When it comes to purchasing cannabis, many people employ a system that reflects my wine purchasing strategy: I find a cool-looking label that fits my price point and move on to the checkout line. Does this help me find a good wine? Nope! But it allows me to get back home in a timely manner and that is half the battle when I’m grocery shopping.

If you’re lucky enough to live in an area that allows you to smell flower before it is packaged, you have an advantage. Smelling flower is the best way to determine its terpene profile. The more pungent the aroma, the more terpenes are present. You want it to smell loud!

Quality isn’t just THC

Another way to look at it is that when you pay more for quality cannabis, you are paying for the compounds that are not THC. Unfortunately, since very few of these compounds can be found on the label, it can be difficult to determine if the product you’re buying is worth the extra cash.

A THC-dominant flower that is lacking diversity in terpenes and cannabinoids will produce an experience that is one-dimensional, short lived, and maybe even anxiety-provoking.

Ensuring that your weed has ripe trichomes allows you to experience the flower at its peak ripeness, if you will.

Also called: Shwag, shake weed, bottom shelf, popcorn, dirt weed, brick weed, ditch weed, Bobby Brown, and more

Keep in mind a few key points when assessing the visual quality of your cannabis:

Examples of Low-Quality Cannabis Buds

The first thing you should know is that top-shelf buds will stand out in a sea of green. Besides the diverse spectrum of colors that premier genetics show, the amazing quality and complex aromas of truly dank weed will scream “pick me!” The nickname “loud” is used for this exact reason, because the pungent flavors are often too much to contain and can draw attention to those who have it, especially when trying to be discreet. Truly outstanding cannabis has no price cap — it can be considered a luxury item like fine wine and, depending on the laws where you live, prices can reach extreme levels.

Picking out cannabis is a lot like selecting fresh produce or flowers — you’re looking for something that looks appealing, has a good color, and produces an enticing aroma. Additionally, you want to avoid any glaring defects like mold and mildew, insects, and discoloration. Different qualities can come from the same plant; for example, I’ve seen many dispensaries that separate the prized colas from the small wispy buds found on low- hanging branches (I call these “popcorn nugs”).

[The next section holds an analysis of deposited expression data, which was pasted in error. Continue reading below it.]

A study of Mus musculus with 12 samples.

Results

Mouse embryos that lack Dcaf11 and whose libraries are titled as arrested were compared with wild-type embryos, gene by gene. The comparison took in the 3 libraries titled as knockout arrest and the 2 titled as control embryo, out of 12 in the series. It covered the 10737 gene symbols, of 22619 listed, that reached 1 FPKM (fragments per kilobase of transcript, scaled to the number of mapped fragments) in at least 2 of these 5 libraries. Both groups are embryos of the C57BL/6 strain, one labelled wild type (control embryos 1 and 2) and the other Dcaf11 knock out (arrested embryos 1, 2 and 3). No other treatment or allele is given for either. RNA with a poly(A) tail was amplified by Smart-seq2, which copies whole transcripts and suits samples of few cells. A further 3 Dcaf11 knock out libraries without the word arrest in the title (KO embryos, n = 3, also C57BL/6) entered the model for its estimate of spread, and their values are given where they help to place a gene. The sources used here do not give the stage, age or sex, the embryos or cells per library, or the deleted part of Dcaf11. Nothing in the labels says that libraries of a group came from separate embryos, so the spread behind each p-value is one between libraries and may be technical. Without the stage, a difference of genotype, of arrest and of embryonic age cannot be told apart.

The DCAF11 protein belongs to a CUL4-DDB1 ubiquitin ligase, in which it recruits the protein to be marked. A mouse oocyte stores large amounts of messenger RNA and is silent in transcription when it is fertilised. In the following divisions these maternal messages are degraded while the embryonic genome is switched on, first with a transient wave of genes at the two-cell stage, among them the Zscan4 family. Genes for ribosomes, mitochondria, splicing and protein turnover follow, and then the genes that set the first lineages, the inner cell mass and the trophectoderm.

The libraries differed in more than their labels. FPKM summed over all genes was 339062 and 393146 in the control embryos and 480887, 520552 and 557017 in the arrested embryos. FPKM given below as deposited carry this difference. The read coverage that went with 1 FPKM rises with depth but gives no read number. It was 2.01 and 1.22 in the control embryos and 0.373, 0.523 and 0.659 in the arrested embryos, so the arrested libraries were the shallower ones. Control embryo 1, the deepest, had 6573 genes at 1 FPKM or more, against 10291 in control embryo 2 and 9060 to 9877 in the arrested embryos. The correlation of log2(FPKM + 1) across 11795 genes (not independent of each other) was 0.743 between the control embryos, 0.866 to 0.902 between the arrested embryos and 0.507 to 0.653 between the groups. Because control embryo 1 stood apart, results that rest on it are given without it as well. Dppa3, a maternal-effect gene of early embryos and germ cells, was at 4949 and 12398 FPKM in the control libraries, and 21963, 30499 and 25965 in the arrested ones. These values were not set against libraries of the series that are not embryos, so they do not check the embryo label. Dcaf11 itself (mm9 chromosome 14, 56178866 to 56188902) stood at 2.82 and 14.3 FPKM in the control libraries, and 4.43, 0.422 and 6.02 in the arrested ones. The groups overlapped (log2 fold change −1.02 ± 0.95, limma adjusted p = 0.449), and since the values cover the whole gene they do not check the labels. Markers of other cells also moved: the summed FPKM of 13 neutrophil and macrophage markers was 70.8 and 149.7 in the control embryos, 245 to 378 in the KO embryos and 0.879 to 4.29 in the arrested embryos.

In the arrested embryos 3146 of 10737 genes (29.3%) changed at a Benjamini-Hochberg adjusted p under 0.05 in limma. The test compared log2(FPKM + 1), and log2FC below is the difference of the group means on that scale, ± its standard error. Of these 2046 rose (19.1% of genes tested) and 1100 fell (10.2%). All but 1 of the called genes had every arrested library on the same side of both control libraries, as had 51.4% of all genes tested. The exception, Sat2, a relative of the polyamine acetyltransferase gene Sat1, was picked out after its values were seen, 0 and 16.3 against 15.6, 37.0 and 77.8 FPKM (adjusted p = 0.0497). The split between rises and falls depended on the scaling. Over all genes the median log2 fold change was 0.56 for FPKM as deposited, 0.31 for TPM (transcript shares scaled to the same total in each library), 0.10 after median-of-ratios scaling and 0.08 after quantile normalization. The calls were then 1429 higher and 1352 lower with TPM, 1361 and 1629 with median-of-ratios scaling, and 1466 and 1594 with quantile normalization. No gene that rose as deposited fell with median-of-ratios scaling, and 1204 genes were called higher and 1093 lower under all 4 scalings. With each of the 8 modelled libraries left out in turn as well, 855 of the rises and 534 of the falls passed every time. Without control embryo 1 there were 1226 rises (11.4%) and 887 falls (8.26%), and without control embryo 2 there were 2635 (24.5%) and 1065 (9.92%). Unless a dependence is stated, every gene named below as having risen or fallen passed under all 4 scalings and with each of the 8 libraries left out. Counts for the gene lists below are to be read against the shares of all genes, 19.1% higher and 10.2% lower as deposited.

Everybody claims to have high-quality cannabis in stock, but how can you tell for yourself?

Never underestimate the potential impact that crap weed has on your health. Smoking low-grade marijuana can be brutal on your throat and will not be much better for you than using a few tobacco cigarettes. Also, don’t forget to check your weed for signs of mold or rot. Moldy weed will look similar to what you find on expired cheese, bread, etc.

When you grow a proper strain of marijuana and harvest, dry, and cure it to perfection, it has an unmistakable smell and taste of glorious musk.

Trichomes cover high-quality buds and are akin to sparkling crystals; you can probably spot trichome density with the naked eye, but you’ll need a jeweler’s loupe or something similar to check out the full quantity and get a good look.

Good or Bad Weed – An Overview

Ideally, growers harvest cannabis when the trichomes have a milky white color. Under a magnifying glass, they resemble tiny bright mushrooms. It’s pretty beautiful.

On a side note, cannabis that has an aromatic tinge of chocolate-like bitterness usually indicates the strain is indica, while citrus notes often suggest a sativa-dominant variety.

Whenever possible, try and purchase your marijuana from a reputable source, such as a licensed dispensary. If there are none near you, you’ll have to take your chances with a local dealer – which in many cases is illegal. Never break the law, and always know and understand the legalities of the area that you’re in before you go to buy pot.

When you check for trichome content, you are looking for prematurely harvested weed. If you can see underdeveloped trichomes, the plant was likely harvested before it was entirely “ripe,” and you should avoid it.